Has anyone gone into a Walgreens lately and felt… depressed? Or popped into a Subway to find that it just feels tired, like it doesn’t even want to be a sandwich shop anymore? We even did a recent study on large department stores, where our panel unequivocally deemed them defunct.

(Will Waldron/Times Union)

Let’s look at Walgreens. Once a premier drug store, customer support is now fading. Walgreens shoppers that we have talked to report that the stores feel decrypt, sad, and service is slow and draining. The last thing anyone wants when picking up their drugs is for a pharmacist to shout out their name, address, and drug prescription, but somehow it keeps happening here.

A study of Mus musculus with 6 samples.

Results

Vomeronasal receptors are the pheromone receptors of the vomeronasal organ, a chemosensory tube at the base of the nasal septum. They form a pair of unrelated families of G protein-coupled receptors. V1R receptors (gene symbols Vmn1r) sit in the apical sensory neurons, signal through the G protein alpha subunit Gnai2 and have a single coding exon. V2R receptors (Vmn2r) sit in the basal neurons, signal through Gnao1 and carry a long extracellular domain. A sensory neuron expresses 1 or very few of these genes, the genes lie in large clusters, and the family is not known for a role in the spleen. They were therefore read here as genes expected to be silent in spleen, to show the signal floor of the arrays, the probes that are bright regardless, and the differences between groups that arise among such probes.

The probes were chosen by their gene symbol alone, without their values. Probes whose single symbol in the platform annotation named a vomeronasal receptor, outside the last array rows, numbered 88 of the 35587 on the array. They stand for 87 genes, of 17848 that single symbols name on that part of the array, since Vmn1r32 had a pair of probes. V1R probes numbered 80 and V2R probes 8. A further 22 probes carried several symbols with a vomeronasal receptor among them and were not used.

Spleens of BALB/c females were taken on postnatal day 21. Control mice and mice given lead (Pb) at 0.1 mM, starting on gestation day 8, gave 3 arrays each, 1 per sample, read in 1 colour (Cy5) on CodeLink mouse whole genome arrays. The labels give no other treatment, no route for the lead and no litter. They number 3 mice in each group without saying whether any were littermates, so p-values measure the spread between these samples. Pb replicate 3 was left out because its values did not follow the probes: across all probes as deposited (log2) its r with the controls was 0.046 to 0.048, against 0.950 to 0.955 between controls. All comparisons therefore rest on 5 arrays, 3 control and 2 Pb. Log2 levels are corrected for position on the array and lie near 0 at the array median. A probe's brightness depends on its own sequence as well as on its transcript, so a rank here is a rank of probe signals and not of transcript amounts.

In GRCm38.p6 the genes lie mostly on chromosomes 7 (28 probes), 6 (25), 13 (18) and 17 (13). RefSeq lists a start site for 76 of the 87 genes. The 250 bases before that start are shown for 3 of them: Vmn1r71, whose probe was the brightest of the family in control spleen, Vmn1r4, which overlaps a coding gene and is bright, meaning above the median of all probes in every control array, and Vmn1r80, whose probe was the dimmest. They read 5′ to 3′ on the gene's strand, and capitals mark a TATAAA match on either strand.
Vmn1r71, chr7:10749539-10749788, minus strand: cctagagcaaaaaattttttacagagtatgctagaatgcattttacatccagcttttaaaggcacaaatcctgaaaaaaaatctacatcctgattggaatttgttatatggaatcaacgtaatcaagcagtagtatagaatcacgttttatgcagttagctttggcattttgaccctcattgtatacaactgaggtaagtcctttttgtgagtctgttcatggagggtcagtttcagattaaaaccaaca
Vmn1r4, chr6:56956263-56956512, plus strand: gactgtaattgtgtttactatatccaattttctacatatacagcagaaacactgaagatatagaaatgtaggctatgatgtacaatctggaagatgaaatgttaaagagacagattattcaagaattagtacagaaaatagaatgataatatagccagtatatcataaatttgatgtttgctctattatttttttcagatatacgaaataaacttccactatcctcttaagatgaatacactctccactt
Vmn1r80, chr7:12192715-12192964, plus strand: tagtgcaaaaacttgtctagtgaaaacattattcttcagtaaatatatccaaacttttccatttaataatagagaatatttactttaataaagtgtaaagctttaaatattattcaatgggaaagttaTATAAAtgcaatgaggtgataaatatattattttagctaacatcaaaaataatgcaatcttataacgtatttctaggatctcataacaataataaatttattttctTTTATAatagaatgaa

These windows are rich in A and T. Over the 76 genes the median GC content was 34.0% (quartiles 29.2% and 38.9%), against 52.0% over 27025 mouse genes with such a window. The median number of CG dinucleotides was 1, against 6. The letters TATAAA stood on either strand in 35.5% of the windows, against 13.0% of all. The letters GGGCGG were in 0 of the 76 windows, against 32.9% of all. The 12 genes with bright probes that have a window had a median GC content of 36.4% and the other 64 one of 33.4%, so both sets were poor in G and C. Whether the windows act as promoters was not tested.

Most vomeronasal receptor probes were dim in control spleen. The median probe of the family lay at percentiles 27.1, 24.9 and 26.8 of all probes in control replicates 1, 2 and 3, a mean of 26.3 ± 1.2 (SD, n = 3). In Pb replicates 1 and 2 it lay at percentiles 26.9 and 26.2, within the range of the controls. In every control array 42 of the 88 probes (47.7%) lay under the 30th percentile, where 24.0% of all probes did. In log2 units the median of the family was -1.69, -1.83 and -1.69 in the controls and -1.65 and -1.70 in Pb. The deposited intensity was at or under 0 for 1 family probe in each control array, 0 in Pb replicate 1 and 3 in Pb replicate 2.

Our participants compared it to their opposite experiences at Pharmaca, a beloved California pharmacy that recently went bankrupt, then was purchased and absorbed by Walgreens, leaving their loyal customers devastated. Pharmaca was the opposite of cold and sterile—it offered personal, caring advice when it came to pharmaceuticals and made people feel heard and respected. Not to mention, the stores smelled amazing thanks to their offerings of organic soaps and bespoke toiletry products. Instead of keeping Pharmaca stores open, Walgreens shut them down and transferred prescriptions to their own pharmacies, leaving a loyal customer base hanging.

When we at Vidlet hear about another demise of a behemoth brand, we’re hardly ever surprised. Usually, months before, we have already heard the feedback and concerns of customers and see the writing on the wall. The bottom line, as always with Vidlet, is to listen to the voice of your customers, and listen early and often.